No sign of Castro brothers in Cuba power handover



Thursday August 3, 3:05 PM
No sign of Castro brothers in Cuba power handover

HAVANA (Reuters) - Nearly three days after Cuba's historic handover of power, neither ailing President Fidel Castro nor his brother Raul, to whom he temporarily ceded control, has been seen by an anxious Cuban public.

Close aide Ricardo Alarcon told a U.S. radio program on Wednesday that Castro, who had had a stomach operation, was "very alert" and resting after giving up power on the communist-ruled island for the first time in 47 years.

No photographs or television pictures of Castro, 79, have been released since his operation for intestinal bleeding and there was also no sign of defense minister Raul, 75, Castro's designated successor.

"We don't know what's going on. We're waiting for Raul to speak," said Vilma Gutierrez, a mother of three who works in a ramshackle state-owned shop selling subsidized potatoes and bananas. Her part of town saw riots in 1994 during the economic crisis set off by the collapse of the Soviet Union.

A finger to her lips, she said: "People are keeping their mouths shut. They don't know what's going to happen."

There was a small increase in police presence in poorer parts of Havana and communist neighborhood organizations had activated "rapid response groups" used to put down riots.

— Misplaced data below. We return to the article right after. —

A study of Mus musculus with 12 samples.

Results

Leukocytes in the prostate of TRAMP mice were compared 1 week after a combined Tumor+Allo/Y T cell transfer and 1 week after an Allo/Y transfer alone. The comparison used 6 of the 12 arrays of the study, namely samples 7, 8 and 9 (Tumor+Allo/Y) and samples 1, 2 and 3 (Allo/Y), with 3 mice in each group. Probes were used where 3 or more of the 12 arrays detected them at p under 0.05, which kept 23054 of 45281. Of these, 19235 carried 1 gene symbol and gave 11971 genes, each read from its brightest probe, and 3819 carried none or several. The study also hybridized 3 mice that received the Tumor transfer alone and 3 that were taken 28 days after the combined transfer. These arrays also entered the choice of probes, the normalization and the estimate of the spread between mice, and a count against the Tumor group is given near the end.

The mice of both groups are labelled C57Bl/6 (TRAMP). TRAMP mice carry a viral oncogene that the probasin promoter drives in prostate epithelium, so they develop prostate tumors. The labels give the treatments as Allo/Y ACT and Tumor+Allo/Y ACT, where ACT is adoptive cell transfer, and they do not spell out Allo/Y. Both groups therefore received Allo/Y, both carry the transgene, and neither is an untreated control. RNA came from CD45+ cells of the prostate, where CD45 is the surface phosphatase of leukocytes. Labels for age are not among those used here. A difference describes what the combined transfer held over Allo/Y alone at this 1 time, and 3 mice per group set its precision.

But Havana's sweltering streets, their stylish old buildings dilapidated from years of neglect, were quiet.

Castro, the world's longest-ruling head of government, gave Raul provisional powers as head of the armed forces, Communist Party and Council of State.

'RECOVERY'

Fidel Castro was still lucid, Alarcon said.

"He's in, I would say, a normal period of recovery after an important surgery. That's essentially what I would say, but very alive and very alert," he told the Democracy Now! show.

A leading Cuban exile group in Miami called for military officials and civilians to establish a provisional government to "end the dictatorship of the Castro brothers."

"We are asking those in the military in Cuba to take hold of their own future to establish a provisional authority with the civil and military members of Cuba who do not want this succession of power," said Cuban American National Foundation Chairman Jorge Mas Santos.

Castro has not been seen in public since July 26 and the scant information about his condition has sparked rumors in the United States that he could be dead or running a "dress rehearsal" for his succession.

Raul, who commands loyalty in the army and police, is seen as competent, although some foreign analysts doubt he has the charisma to hold the system together.

The Bush administration, which says it will not relax its economic embargo on Cuba even if Raul takes over permanently, urged exiles not to try to cross the narrow straits from Florida and told Cubans on the island not to leave.

"This is not a time for people to try to be getting into the water and going either way," White House spokesman Tony Snow said.

Washington has maintained its Cuban embargo since 1962 and repeatedly tried to kill Castro, once with a poisoned cigar.

Kim Jong-il, the reclusive leader of communist North Korea, sent Castro a get-well note.

"I sincerely wish you a speedy recovery to your health so that you can excellently continue to carry out the Cuban revolution and the great mandate given to you by the people of Cuba," Kim said in a telegram to Castro dated Aug. 2.